Using Insulation To Achieve Life Cycle Savings

Industrial insulation, whether it’s mineral fiber, perlite or calcium silicate, is often considered a necessary evil during the industrial process design phase – a required add-on that has to be factored into the project estimate. Calculating the thickness of that insulation is typically done by balancing the twin goals of minimizing installed cost while conforming to safety requirements.

Although these two goals are arguably a priority during the design phase, the use of Life Cycle Analysis (LCA) software can help determine the ideal thickness of insulation  by balancing the  combination of first costs (insulation cost and installation) and maintenance costs with desired energy savings. In the strictest definition, LCA combines the projected expense of implementation, operation and maintenance to compare options and determine the lowest cost solution over the anticipated service life.

This same analysis can also determine what energy-related emission levels can be expected with a given insulation choice on process equipment.  An important point to keep in mind is that any time there is an increase in efficiency or an energy savings in a process, there is also a reduction in the energy-related emissions associated with that process.  Less energy is needed to do the same amount of work, and less energy means less energy-related emissions.

At the most basic level, energy is required to start up and maintain a process, and in a perfect world all of the energy in that process would be used to initiate and sustain the process. In reality, however, there are losses in the form of lost heat, friction, inertia and various other loads.  One of the goals in designing a given process is to minimize losses (energy) from that process such that more energy goes into the final product rather than being  wasted in the form of lost heat or overcoming losses.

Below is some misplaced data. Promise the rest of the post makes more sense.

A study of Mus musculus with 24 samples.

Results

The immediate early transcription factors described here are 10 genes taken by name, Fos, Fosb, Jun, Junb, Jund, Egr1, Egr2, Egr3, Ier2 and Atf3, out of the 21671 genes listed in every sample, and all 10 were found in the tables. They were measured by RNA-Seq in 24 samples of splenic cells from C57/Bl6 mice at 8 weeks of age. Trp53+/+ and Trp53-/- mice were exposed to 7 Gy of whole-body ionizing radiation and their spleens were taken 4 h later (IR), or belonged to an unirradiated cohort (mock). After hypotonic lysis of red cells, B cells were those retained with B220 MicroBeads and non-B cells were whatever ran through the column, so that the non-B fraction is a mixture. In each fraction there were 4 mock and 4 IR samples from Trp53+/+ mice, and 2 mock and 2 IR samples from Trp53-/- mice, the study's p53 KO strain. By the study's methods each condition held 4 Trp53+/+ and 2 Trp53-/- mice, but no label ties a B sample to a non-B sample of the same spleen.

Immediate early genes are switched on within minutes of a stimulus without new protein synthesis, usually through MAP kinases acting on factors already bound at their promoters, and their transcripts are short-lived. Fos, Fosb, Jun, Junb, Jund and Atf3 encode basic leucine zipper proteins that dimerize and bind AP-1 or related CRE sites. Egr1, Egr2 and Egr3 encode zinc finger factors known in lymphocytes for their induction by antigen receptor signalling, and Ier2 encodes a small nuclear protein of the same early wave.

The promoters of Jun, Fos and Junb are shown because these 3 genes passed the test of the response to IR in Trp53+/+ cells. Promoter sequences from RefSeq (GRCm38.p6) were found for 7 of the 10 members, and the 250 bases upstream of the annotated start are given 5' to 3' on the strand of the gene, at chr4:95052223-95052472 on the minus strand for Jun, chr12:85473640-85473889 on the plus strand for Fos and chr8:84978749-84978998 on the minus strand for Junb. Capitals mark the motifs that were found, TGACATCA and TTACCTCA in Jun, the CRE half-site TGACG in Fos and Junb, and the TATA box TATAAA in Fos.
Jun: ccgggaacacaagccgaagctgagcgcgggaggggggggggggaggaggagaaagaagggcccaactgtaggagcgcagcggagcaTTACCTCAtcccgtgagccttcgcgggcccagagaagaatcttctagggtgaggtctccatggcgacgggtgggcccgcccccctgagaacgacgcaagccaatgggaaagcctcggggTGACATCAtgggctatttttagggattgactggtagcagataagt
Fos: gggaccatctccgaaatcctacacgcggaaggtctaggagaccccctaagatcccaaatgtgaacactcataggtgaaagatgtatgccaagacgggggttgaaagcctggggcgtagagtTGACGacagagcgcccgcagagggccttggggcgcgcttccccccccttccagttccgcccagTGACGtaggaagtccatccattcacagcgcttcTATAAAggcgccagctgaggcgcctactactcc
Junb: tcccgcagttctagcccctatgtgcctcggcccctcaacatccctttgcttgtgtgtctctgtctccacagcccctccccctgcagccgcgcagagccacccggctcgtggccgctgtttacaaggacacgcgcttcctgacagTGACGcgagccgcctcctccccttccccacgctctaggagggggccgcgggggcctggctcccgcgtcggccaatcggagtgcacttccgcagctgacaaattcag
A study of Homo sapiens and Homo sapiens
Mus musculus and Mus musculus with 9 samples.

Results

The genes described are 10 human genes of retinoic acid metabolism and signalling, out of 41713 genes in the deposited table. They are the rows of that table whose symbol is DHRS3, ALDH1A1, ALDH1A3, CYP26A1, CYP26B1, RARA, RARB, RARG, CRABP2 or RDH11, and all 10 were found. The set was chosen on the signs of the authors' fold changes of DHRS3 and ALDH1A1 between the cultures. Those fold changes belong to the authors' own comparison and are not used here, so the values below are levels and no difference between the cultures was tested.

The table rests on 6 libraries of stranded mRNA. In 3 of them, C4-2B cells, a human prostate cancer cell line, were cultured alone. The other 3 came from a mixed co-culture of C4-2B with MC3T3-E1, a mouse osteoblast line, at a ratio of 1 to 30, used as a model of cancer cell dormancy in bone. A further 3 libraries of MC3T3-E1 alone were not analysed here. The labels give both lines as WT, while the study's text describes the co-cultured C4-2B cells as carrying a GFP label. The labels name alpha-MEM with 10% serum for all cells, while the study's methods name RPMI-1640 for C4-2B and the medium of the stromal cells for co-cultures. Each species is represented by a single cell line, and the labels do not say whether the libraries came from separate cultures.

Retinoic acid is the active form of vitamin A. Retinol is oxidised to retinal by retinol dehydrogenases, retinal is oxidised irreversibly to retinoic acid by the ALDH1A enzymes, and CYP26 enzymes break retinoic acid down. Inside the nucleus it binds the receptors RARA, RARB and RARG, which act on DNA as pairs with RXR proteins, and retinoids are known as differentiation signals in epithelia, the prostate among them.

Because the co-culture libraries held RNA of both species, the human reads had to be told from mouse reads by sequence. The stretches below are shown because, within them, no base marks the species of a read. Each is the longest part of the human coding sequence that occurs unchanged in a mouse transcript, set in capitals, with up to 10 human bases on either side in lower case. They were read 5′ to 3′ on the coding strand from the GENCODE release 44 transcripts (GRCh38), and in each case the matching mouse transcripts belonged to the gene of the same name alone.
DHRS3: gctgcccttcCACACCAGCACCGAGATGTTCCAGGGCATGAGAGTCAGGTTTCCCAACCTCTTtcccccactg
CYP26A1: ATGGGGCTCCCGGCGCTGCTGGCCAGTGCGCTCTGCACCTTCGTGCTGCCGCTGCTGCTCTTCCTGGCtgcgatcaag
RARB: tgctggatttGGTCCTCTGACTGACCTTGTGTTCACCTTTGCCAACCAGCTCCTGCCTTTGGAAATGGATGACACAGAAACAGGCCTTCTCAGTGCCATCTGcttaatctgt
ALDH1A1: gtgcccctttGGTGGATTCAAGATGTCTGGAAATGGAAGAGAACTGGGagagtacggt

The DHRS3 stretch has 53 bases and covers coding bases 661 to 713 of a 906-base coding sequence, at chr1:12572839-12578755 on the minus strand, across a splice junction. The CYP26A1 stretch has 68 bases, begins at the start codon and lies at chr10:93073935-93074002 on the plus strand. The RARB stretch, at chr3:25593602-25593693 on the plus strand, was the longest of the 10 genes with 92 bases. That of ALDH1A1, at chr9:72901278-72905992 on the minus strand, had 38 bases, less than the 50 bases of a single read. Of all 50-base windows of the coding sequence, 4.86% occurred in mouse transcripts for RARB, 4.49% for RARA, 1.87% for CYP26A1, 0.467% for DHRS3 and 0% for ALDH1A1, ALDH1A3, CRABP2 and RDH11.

When insulation is added to the same process, that insulation reduces the loss of energy from one point to another. The process is simply more efficient with insulation.

Fortunately, software tools are available to help designers, specifiers and engineers evaluate insulation systems from both a cost and performance standpoint, enabling them to optimize insulation thicknesses to reduce both costs and energy-related emissions while improving process efficiency.

For example, the complimentary 3E Plus software provided by the North American Insulation Manufacturers Association (NAIMA), allows the user to input process fuel type, operating conditions, income rates (discount), depreciation (plant and insulation) and installation costs as part of the equation.

The software calculates the “economic thickness” of the insulation, which is the minimal annualized cost of that insulation. If the goal is to determine the cost of reducing energy-related emissions by adding additional insulation, the inputs on the software can be changed to balance cost with these emissions. In addition, different systems can be compared to determine which insulation level is best suited to the goals of the design, e.g., reduced emissions, economic thickness, increased efficiency, etc.

For more information about NAIMA’s 3E Plus software, go to the NAIMA site.